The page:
August 1, 2016
The Night Sky:
An exceptional year for the Perseids meteor shower?


The Perseids meteor shower  is visible from July 17 to Aug. 24 but will peak between Aug. 9 and 14.  The Perseids are renowned for producing up to 60 meteors per hour, but some experts think this might be an exceptional year for the Perseids, with meteor rates as high as 120 per hour.

They are best viewed after midnight.  The shooting stars can appear anywhere in the sky, but these meteors will appear to come from the constellation Perseus, which will rise in the northeast just after 10 p.m. on Aug. 9.

August will begin with Jupiter, Mars, Saturn, Venus, and Mercury visible in the evening skies.

Look for Mercury and Venus near the western horizon just after sunset -- about 8:05 p.m. on Aug. 1.  Venus is the brighter of the two and will be a little closer to the horizon. Mercury will be a little higher and further south -- to your left.  

Don’t confuse Mercury with the fainter star, Regulus. Regulus is the 21st brightest star in the night skies.  It’s the brightest star in the constellation Leo and has been called the “Heart of the Lion.”  On Aug. 1, Regulus will appear between Venus and Mercury.  The three will appear to form a line that points up to Jupiter.

If you haven’t taken the time to view Jupiter this year, now’s your last chance until October.  It will get closer to the horizon every evening.  By the end of August, Jupiter will not be visible in the evening skies.   

The prominent triangle formed by Mars, Saturn, and Antares will be due south at dusk on Aug. 1. Mars will be on the western side of the meridian and Saturn and Antares on the eastern side. The meridian is the great imaginary line that extends from the north pole to the south pole and splits the sky in half.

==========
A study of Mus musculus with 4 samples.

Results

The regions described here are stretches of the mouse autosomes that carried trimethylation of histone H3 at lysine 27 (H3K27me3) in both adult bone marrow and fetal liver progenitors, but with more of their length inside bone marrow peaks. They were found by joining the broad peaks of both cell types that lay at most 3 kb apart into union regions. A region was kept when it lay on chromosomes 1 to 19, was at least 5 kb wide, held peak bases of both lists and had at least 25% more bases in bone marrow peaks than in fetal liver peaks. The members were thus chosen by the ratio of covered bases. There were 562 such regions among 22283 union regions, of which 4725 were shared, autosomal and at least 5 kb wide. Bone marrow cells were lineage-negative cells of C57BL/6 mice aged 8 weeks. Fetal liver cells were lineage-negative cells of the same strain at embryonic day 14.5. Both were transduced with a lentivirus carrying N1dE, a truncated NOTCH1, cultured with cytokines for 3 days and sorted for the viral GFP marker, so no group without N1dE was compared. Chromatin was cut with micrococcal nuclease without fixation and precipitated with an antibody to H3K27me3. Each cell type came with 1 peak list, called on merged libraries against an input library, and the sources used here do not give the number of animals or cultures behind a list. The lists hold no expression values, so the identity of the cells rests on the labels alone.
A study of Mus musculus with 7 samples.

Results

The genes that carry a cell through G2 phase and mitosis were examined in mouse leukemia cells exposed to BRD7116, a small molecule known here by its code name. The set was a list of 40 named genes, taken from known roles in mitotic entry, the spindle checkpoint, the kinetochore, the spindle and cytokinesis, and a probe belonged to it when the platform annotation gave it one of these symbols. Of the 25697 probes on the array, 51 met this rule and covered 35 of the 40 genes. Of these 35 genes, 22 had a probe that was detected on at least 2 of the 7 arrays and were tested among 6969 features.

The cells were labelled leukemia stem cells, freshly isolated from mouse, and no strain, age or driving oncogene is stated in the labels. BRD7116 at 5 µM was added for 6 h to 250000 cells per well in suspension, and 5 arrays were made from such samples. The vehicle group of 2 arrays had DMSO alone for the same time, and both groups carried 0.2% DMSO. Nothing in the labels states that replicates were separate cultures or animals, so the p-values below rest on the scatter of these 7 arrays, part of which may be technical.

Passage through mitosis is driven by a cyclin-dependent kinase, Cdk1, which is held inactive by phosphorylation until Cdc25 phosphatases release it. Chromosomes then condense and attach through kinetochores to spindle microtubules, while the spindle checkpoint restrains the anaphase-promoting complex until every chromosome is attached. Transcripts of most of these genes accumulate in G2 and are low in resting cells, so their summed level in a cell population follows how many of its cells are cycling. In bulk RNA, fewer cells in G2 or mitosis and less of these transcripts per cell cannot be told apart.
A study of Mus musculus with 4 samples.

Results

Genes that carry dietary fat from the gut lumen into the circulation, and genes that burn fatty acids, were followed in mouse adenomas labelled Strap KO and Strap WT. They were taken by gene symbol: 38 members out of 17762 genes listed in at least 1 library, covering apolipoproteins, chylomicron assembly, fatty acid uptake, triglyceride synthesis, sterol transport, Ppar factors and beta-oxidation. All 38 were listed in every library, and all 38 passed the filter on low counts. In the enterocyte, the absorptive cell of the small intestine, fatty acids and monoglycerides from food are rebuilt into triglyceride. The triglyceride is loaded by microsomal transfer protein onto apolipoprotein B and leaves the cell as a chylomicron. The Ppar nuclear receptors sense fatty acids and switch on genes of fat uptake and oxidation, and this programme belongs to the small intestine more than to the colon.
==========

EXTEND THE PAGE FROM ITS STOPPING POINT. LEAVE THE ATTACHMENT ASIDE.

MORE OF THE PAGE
Neptune will rise in the east at about 9:30 p.m., followed by Uranus at 11:20 p.m.  These two planets are almost identical in size, but Neptune is 2.7 billion miles away from us while Uranus is a mere 1.9 billion miles away.  The change in distance has a profound effect on how bright the two planets appear.   

Neptune has a visual magnitude of +7.9, making it invisible to the unaided eye.  But you can view it through a good pair of binoculars. It will appear to be a very bright star.  Uranus on the other hand has a visual magnitude of +5.9.  That means on a very clear dark night, you might be able to see it with your unaided eye. If you decide to do this, you can increase your odds by picking a location as far away from the village lights on Hatteras and Ocracoke as possible.  


July offered several good nights for astrophotography.  The southern part of the skies offered views of several nebulae, including M8, the Lagoon Nebula.

The Lagoon Nebula is about 4.3 thousand light years away.  Its visual magnitude is +6.  That makes it very difficult to see with the unaided eye.  M8 can be found with a pair of binoculars or a telescope in our southern skies throughout July.


New moon: August 2

First Quarter: August 10

Full moon: August 18

Last Quarter: August 24

(Gerry Lebing is a retired computer scientist with the U.S. Geological Survey in Washington, D.C.  He has visited Hatteras Island since the mid-1970s. He and his wife, Karen, have owned property here for several years and moved to their home in Waves full-time in 2013.  Astronomy is a subject that Gerry says he has always been interested in and one that he pursues seriously -- he's built an small observatory next to his house. You can send him questions about the night sky through e-mail, [email protected].)